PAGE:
Could Sugar Cause Wrinkles And Speed Up Aging?

Think the only way to stay wrinkle-free is to avoid the sun and moisturize faithfully? Well don’t discount the effect of a little white refined substance that’s in nearly everything you eat.

New research points directly to your sweet tooth and prepackaged foods; studies have now proven that sugar causes wrinkles.  The more you indulge in sweets and overly processed foods containing sugar the quicker you’ll lose your healthy “glow.”

It make shock you to discover that the average American eats a whopping 22 tablespoons of sugar daily and most of this is from processed foods, not including traditional sweets.

Skin Science and Sugar

A process called glycation, in which a sugar attaches to and damages proteins in your blood, makes you more vulnerable to skin damage and premature wrinkles.

The more sugar you consume, the more damage you inflict on your skin by exposing it to glycation end products (AGEs), which eventually damage not just the proteins they are attached to but the proteins nearby as well. Which in turns proves the point that sugar causes wrinkles.

Collagen and elastin are the most important proteins for skin health.  They are the two building blocks essential to keeping your skin smooth and flexible.  The British Journal of Dermatology explains, “Dryness and lack of elasticity occurs when these proteins become damaged.” 

Your skin is your body’s largest organ and collagen its most abundant protein.

Collagen production steeply declines every year after your mid-thirties and a diet high in sugar damages your remaining collagen reserves.  Diabetics are especially prone to wrinkles caused by sugar since their condition can go undetected for years.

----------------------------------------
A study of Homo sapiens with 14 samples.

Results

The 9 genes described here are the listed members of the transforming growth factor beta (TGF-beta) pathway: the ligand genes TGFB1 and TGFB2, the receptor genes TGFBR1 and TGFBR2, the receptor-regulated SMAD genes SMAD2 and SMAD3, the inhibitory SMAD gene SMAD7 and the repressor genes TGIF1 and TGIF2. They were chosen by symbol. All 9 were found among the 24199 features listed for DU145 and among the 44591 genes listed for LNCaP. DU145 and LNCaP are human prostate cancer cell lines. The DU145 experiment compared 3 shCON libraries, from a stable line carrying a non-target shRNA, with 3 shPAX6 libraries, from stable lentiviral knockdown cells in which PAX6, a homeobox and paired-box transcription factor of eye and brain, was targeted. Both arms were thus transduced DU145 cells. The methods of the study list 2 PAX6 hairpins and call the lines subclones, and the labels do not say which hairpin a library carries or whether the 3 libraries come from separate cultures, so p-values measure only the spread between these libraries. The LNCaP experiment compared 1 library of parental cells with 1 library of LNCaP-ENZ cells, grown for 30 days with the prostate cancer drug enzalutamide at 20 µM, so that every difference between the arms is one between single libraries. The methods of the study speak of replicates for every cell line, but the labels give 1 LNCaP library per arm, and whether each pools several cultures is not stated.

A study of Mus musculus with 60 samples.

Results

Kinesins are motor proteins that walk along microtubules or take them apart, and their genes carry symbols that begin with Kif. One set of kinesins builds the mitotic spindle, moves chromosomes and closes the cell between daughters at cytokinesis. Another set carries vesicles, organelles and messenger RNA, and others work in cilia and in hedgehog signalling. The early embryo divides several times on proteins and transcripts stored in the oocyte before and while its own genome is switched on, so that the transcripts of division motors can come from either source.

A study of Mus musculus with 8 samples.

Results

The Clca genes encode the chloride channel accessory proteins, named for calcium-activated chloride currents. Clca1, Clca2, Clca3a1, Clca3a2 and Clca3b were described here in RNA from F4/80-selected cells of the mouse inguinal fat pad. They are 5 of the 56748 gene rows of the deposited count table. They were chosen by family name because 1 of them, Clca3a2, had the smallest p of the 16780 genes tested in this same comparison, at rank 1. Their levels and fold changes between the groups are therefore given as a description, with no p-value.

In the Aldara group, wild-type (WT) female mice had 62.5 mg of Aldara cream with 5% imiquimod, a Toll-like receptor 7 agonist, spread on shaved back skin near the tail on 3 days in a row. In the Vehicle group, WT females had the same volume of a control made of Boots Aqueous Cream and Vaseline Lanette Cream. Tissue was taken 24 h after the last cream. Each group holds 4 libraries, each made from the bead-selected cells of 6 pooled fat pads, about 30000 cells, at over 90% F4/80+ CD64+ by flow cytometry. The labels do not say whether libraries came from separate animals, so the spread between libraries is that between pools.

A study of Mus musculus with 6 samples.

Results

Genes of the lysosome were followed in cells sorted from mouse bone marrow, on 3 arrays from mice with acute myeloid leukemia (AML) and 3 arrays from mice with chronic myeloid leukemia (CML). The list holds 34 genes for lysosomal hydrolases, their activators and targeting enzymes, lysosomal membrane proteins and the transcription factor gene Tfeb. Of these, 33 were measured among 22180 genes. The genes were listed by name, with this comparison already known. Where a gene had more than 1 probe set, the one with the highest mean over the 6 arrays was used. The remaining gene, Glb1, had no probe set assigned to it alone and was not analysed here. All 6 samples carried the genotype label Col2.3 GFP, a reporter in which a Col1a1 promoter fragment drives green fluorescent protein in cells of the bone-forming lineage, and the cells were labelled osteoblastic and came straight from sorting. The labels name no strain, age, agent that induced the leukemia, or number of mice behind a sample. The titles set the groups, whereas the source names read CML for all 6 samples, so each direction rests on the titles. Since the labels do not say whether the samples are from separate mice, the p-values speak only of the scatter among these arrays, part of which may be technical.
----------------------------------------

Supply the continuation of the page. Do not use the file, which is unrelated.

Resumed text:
Reversing The Wrinkle Damage Caused by Sugar

Retinoids – found in beauty lotions and skin serums – help collagen remain supple and prevent glycation from further damaging your skin.

Scaling back the amount of sugar you eat is crucial to skin health.  Sugar has some of the worst effects on your total body health – especially fructose which has been proven in countless studies to be highly inflammatory.  Fructose is found in many everyday foods, such as cereal crackers and spaghetti sauce. sugar causes wrinkles

Curbing your intake of sweets affects far more than your skin, of course.  Too much sugar promotes fat cell growth, increases your risk for insulin resistance and puts you at higher risk for obesity, diabetes and heart disease.

The average American consumes more than two pounds of sugar every week!

Sugar content is not just the typical “sweets” – such as candy, soda and baked goods.  Many pre-packaged and pre-prepared foods contain sugar additives such as high-fructose corn syrup.  Products you may not consider sweet could have a much higher sugar content than you’d imagine so always check your labels!

How Much is Too Much?

Experts recommend keeping your sugar intake between 15-25 grams per day – especially if you are pre-diabetic or diabetic.

Removing sugar from your diet is not easy if you have a sweet tooth.  It is considered a highly addictive substance.  Try weaning yourself off processed foods but don’t substitute with artificial sweeteners which have been proven to stimulate cancer growth. 

You should also avoid using agave syrup since it is a sap that has been over-processed and is almost entirely fructose.

Top 3 Tips to Reverse the Effects of Wrinkles Caused by Sugar

  1. Limit sweets and opt for raw, organic sweeteners whenever possible – such as raw cane and raw honey.  Even these sweeteners should always be used in moderation.
  2. Include more antioxidant rich foods to fight free radical damage.  A diet that includes antioxidants has been proven to slow the effects of aging.  Vitamins B1 (thiamin) and B6 are recommended by dermatologists to inhibit AGEs.  Tuna, seeds and beans are rich in these skin-friendly vitamins.
  3. Avoid prolonged exposure to the sun.

If you can’t live without sweets, consider an ounce of dark chocolate, which contains less sugar and helps curb your craving for salty and sweet foods.  Unlike milk or white chocolate, 70% cacao (or higher) chocolate is also heart healthy!